Robert Bell: Politics, Railways and Newspapers


He attended local schools and then apprenticed with Francis Jones, a Provincial Land Surveyor who had been a school teacher in Oxford for many years. On 16 June 1843, Robert himself qualified as a Provincial Land Surveyor, and moved to Ottawa (then Bytown) to pursue a career in surveying. After making surveys in Nepean Township, and along the Chalk River, Robert undertook a mammoth project that proved difficult and dangerous, and almost led to his death, along with the rest of his survey team. The line ran from the Madawaska River to near Bracebridge, and took from August, 1847 to March of 1848 to complete. It is still known to this day as Bell’s Line.

Although he had a successful business in that field, he became more interested in journalism, and in 1849 he purchased the Bytown Packet, a popular local newspaper. In February 1851, the newspaper became known as the Ottawa Citizen.

Around this time, Robert became involved in railway construction projects, promoting the building of a railway from Bytown to Prescott, where it would connect with the railway at Ogdensburg, New York. Ottawa valley lumbermen would thus be provided with easier means of transport to the increasingly important American market. Robert become secretary of the provisional committee of the Bytown and Prescott Railway (later the Ottawa and Prescott Railway) in 1850, with funds raised, in part, from businessmen in the Kemptville area. It is said that Robert Bell, more than anyone else, was responsible for overseeing the completion of the line and he was president of the company for many years.

The railway reached Bedell Station (for Kemptville) from Prescott in August, 1854, bringing with it the first printing press to be established in North Grenville. The Progressionist newspaper began in 1854 and lasted until 1860. There was some dispute with the shareholders and the business community in Kemptville, and, as a result, the railway station was not built in the town itself, but outside at Bedell. With the additional wealth coming into the village because of the railway, a movement to separate from Oxford-on-Rideau Township grew up, and Kemptville officially seceded from the Township in 1857. Robert Bell had a marked, though mixed, effect on the wider community.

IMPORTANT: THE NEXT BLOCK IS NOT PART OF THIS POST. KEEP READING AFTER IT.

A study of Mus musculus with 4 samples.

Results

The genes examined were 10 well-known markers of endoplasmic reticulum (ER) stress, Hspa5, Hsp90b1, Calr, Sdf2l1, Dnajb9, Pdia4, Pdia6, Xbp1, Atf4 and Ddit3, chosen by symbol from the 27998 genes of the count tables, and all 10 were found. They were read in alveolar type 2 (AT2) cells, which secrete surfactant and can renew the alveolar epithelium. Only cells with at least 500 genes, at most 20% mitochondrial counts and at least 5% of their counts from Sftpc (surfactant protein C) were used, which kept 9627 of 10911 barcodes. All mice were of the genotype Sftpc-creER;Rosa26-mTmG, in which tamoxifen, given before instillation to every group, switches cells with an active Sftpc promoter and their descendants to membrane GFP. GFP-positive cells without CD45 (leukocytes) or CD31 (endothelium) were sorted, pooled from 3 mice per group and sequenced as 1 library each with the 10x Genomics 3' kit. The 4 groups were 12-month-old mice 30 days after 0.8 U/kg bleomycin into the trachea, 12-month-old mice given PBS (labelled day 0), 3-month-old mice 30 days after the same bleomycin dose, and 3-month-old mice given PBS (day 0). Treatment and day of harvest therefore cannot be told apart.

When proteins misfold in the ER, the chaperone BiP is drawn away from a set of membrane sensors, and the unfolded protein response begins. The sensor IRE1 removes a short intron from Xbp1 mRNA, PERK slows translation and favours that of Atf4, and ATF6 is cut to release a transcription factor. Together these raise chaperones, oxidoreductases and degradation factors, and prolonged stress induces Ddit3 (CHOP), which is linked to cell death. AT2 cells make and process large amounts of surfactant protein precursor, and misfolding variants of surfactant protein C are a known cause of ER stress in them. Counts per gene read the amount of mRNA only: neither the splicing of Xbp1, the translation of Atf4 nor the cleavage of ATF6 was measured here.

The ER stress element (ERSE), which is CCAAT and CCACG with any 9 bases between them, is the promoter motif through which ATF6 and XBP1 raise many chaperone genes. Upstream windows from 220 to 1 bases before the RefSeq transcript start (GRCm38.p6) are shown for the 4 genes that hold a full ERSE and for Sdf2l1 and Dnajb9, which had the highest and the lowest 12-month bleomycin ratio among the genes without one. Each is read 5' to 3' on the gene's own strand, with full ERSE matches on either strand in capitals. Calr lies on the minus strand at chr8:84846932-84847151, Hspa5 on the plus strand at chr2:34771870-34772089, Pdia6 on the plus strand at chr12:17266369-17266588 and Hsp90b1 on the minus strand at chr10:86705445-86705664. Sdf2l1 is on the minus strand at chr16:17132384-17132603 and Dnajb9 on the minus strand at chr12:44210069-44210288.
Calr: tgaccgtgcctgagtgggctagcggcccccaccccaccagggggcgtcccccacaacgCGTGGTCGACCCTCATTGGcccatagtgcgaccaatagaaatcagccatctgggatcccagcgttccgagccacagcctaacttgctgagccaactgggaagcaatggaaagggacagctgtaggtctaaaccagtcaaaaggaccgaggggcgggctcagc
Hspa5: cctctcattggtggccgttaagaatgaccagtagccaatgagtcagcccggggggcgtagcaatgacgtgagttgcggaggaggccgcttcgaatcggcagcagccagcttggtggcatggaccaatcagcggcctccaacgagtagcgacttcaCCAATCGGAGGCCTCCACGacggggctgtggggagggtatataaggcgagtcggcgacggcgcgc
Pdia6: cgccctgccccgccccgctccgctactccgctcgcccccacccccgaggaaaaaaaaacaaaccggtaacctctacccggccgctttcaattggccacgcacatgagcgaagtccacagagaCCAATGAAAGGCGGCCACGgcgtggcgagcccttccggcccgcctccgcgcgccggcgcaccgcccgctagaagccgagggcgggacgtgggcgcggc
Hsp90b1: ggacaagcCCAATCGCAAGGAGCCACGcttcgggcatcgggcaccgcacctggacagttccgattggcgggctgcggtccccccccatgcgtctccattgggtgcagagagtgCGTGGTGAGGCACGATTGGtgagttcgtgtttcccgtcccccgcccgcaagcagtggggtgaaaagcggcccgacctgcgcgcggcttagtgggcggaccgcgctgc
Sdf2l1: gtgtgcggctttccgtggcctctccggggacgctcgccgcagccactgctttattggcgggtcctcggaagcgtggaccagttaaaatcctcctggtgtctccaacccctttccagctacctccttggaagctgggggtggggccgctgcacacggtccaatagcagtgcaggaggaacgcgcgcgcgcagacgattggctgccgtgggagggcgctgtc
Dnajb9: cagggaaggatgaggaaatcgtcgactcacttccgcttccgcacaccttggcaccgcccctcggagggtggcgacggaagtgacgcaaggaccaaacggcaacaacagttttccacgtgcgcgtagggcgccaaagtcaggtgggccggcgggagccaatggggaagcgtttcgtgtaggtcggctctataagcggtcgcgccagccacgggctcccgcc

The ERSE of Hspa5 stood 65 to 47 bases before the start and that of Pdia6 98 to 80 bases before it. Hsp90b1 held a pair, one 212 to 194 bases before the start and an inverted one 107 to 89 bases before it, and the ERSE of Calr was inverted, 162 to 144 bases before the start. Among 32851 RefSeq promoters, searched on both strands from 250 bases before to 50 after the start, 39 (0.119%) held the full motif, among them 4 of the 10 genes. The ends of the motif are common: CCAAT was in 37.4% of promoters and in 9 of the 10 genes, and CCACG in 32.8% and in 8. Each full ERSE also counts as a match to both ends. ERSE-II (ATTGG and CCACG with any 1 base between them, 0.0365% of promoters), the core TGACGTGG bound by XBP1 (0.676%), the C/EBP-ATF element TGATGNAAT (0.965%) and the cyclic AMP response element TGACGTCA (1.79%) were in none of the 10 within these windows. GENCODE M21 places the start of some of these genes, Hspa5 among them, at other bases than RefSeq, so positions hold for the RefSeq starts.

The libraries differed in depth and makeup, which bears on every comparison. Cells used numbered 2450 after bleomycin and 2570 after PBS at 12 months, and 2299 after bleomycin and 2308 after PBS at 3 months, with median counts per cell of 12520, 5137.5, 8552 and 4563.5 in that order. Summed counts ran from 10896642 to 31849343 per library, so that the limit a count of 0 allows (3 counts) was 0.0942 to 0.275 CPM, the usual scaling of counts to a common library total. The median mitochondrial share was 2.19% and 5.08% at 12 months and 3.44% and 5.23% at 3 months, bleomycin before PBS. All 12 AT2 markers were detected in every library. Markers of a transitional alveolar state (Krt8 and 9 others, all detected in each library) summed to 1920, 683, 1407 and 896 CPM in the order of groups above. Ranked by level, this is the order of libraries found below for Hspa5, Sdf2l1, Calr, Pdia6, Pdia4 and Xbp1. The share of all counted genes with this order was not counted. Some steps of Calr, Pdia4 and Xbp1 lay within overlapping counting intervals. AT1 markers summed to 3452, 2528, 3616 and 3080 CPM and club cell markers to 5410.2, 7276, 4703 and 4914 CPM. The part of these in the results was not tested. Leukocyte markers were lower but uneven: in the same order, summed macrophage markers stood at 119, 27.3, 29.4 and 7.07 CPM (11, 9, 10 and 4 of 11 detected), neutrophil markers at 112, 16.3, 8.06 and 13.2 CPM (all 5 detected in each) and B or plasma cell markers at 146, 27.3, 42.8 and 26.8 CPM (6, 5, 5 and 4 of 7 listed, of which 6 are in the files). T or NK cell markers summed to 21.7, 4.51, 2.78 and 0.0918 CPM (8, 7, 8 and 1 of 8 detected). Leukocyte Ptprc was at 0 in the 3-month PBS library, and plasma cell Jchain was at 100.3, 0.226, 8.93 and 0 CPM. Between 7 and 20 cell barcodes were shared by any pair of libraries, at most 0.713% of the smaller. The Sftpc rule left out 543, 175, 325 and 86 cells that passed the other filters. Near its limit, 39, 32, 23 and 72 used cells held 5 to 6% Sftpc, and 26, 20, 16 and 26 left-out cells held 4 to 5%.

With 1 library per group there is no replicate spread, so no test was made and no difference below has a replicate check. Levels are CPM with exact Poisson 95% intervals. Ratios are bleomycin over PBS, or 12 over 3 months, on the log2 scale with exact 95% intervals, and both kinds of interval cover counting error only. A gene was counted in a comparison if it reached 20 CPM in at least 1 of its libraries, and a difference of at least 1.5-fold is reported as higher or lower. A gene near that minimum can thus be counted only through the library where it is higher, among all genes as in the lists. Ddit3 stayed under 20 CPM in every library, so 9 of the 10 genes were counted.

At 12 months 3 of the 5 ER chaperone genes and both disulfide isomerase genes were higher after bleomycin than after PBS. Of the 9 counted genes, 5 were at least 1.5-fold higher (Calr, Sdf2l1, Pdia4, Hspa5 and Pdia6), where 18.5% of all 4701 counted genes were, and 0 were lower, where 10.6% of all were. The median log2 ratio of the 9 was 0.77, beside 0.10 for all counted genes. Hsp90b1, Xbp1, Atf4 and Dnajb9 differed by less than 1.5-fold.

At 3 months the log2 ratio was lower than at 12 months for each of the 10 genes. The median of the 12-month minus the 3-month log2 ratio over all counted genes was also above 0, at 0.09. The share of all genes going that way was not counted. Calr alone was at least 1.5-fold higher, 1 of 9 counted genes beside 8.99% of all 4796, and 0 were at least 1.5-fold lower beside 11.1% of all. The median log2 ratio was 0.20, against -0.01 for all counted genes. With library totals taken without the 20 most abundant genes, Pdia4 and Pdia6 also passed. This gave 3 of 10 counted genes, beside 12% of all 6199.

Robert ran for an Assembly seat for Ottawa and had a somewhat controversial career, as he supported equal educational rights for Catholics, in spite of being a Presbyterian. He also supported the choice of Ottawa as the new capital of the Dominion of Canada in 1867. Confederation marked the turning point in Robert’s fortunes. He was defeated in an attempt to win a seat in Parliament in 1867. He had sold the Ottawa Citizen in 1865, and the Bytown and Prescott Railway Company went into receivership that same year. In 1868, his wife died, and he withdrew completely from public life, going to live with his daughter in Hull, where he died in 1873 at the early age of 52.

There was an ironic aspect to his life in North Grenville. His sister, Elizabeth, married Charles Ferguson, M.D., who, in 1874, won the Assembly seat for North Leeds and Grenville away from Robert’s former teacher, Francis Jones. Robert’s nephew, Howard, would grow up to be G. Howard Ferguson, Premier of Ontario.